Still, there is a lot to be done in plenary. But at the annual cost of 150 billion, the Senate sometimes functions as (possibly) the world’s most expensive copyeditor. Because your representatives will spend precious parts of that 3-hour window correcting grammatical mistakes and re-shuffling sentences. Mostly because documents meant for discussion are seen for the first time only a few minutes to discussion. So, they will all sit in those impressive red seats, and raise hands sporadically to address things that happen to catch their eye in the seconds it takes to flip through our future laws. True. There are days some do not bother, even with this. So that a 300-section law could be passed in 30 minutes, where the Presiding Officer calls out: “Sections 10, 11, 12, 13, 14, 15 – all in favor say aye?” And our people will chorus faintly, “Aye”.

That part of the work is boring, so it tends to be rushed. The one they really like is venting frustrations – on the state of traffic on Maraba road, or the bomb blast in Maiduguri, things like that. This is what they do when they bring ‘motions’, and they can spend a whole session debating these ‘motions’. Waste of time? Yes. Because motions are mostly an academic exercise, with resolutions that are non-binding, no matter how long they spend arguing where the ‘the’ should go. And, two, if me and you meet to complain, that is very okay; what else can we do, after all? But when THEY meet to complain, and pass resolutions that are as effective as the ones we pass after our own sessions, my brother, who then will save us?

Which brings me to topic of ‘petitions’. True. Nigerians like to send ‘petitions’ to their representatives, mostly about how they were unlawfully dismissed from this or that place. Let me ask; my sister, why not go to court? This is, in itself, a telling commentary on our Judiciary; that some prefer the Legislature, an institution that can only call the parties involved and beg them to settle. But did you know? They spend money to do this. Yes. These amateur NASS-brokered arbitration sessions are part of what those billions are spent on, while we ignore the Public Complaints Commission, sitting quietly on Aguiyi Ironsi Road.

But, without doubt, the inefficiency is most unendurably annoying when it comes to the screening of Ministers. The whole system, it seems, is set up to crawl. First, they agree to interview candidates for jobs that are unknown. So, they ‘ehm’ and ‘ahm’, scratch their heads, look out the window, and ask questions of general interest. Did you know that that is how the British thought we should all be trained? As general interest, all-purpose administrators? But, take note, specialization is one of the reasons for the advances we see around us.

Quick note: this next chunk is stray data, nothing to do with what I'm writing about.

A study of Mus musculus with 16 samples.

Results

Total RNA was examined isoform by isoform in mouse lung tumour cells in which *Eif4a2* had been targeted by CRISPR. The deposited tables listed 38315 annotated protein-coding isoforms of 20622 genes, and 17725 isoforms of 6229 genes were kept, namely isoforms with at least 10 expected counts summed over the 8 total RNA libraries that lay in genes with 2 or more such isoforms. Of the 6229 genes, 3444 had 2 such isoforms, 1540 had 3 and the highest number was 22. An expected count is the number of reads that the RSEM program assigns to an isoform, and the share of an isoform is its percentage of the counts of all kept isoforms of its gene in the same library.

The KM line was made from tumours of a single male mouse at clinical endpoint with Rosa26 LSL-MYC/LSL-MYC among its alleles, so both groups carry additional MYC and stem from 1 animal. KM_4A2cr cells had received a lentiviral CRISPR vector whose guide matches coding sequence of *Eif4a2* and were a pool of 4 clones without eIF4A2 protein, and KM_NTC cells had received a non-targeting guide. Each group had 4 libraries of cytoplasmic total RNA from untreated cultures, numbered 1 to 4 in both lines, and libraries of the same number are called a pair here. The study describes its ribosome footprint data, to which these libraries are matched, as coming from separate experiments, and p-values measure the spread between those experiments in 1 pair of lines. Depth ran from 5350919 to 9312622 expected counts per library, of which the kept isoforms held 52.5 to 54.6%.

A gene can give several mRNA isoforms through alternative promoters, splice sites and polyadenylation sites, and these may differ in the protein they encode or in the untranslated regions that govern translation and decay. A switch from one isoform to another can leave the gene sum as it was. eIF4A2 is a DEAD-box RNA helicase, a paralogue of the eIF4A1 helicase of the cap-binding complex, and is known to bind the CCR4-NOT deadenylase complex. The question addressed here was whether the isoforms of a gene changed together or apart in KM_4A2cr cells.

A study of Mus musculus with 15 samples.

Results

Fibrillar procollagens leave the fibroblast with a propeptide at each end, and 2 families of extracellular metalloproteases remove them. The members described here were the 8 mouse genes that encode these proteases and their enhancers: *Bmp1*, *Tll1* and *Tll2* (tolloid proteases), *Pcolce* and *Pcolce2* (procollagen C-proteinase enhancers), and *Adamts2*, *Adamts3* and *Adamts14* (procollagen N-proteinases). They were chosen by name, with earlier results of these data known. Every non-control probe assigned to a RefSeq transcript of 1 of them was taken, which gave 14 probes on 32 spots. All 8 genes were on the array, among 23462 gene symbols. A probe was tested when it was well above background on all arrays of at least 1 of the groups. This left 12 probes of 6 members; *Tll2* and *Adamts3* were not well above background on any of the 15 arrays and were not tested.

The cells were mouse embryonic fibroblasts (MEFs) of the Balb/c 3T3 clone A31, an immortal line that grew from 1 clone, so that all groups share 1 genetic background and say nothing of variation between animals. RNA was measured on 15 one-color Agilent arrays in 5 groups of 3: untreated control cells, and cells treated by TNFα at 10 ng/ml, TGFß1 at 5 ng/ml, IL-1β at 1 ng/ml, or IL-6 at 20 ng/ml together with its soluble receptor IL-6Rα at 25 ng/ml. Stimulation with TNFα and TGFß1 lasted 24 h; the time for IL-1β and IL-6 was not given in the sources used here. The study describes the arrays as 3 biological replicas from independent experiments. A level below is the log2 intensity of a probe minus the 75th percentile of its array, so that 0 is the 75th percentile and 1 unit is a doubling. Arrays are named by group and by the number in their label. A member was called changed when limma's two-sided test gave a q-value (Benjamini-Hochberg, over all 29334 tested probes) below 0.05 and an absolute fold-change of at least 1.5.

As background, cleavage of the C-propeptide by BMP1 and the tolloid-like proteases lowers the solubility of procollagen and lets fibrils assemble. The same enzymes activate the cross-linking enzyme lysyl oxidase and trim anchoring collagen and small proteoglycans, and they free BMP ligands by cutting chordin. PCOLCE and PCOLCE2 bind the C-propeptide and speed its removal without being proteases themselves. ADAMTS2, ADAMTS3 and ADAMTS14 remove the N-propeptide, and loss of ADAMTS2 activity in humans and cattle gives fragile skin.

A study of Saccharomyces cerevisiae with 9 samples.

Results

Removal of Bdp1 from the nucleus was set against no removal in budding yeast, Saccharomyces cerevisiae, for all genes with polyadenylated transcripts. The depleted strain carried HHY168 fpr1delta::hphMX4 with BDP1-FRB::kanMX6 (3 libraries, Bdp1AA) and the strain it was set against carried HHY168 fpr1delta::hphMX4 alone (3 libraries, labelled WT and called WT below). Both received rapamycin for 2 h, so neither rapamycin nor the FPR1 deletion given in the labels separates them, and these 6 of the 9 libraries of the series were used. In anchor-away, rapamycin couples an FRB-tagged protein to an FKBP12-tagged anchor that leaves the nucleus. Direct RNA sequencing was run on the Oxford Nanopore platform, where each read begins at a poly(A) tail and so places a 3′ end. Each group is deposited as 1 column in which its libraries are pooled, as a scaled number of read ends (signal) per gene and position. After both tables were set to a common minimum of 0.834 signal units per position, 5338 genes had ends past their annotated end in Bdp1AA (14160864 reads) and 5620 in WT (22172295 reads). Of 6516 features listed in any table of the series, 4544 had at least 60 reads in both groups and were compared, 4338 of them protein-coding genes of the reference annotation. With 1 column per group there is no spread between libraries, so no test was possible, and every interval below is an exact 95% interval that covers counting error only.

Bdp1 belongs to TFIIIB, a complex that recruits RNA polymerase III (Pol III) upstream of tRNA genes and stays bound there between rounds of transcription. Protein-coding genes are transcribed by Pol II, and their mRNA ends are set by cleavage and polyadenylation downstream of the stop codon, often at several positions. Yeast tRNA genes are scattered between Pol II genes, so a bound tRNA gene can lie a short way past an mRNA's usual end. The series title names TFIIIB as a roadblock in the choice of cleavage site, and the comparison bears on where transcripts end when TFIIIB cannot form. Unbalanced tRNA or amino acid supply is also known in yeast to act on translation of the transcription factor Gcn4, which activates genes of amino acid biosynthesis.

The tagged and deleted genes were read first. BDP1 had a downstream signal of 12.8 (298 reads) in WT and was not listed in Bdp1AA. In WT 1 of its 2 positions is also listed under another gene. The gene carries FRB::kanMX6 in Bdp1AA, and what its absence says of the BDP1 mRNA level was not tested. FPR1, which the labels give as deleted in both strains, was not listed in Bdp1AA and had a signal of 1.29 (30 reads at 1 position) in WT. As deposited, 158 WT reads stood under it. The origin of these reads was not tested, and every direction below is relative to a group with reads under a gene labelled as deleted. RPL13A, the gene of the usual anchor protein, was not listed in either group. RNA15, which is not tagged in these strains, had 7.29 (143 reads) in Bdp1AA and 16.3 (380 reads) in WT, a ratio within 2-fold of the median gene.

Second, they make themselves, all 109 of them, sit down and spend a whole working day (sometimes, two, sometimes, three) interviewing all the nominees, one after the other, so that the ones that come later in the day possibly benefit from our understandable mental fatigue. But did you know that the Senate has Committees? And that it could distribute the nominees amongst its Committees, so that one Committee can – as it should be – spend a whole day grilling one nominee? And so we could have all nominees screened in one working day, without any nominee having to wait for hours for 10 other nominees to be screened first? Oh, but of course, how would they know which Committee to assign which candidate to when there are no portfolios?

But this is NOT the worst – the most annoying, yes, but definitely NOT the worst. THE worst, my brother, is the typical budget session. You will not witness this in plenary. This is the one that happens outside; on the road, at oversight visits, in smaller committee rooms where the National Assembly is supposed to exercise the most powerful power existing in our Constitution against the mis-use of public funds – i.e it’s oversight function – and for many, many reasons fails to do so.

Sometimes, it is a choice, like that made by a legislator who asked for one million naira in exchange for allowing a project to be executed peacefully in his constituency. These things happen. But, listen, it is quite rare for someone to become a thief only after being elected into the Legislature. More often than naught they were elected by people who knew exactly who they were electing when they elected them into the Legislature. Yes.

But sometimes – and this happens a lot more than it should in a country gifted with such intelligence – it is a question of an appalling lack of capacity. You see, all you need to get into the Legislature, in terms of an education, is WAEC. Very populist provision. But it can have its limitations, particularly when you are faced with a 300-page budget, and the need to ask really intelligent questions on it. But, then again, one’s ability to comprehend complex socio-economic debates on the future of a modern nation, and what place that nation should be aiming to occupy in an evolving world, is one that could NOT have been unknown before elections, yes?

So, yes, no doubt, the Senate is inefficient. I think so. But, then again, we elect it that way.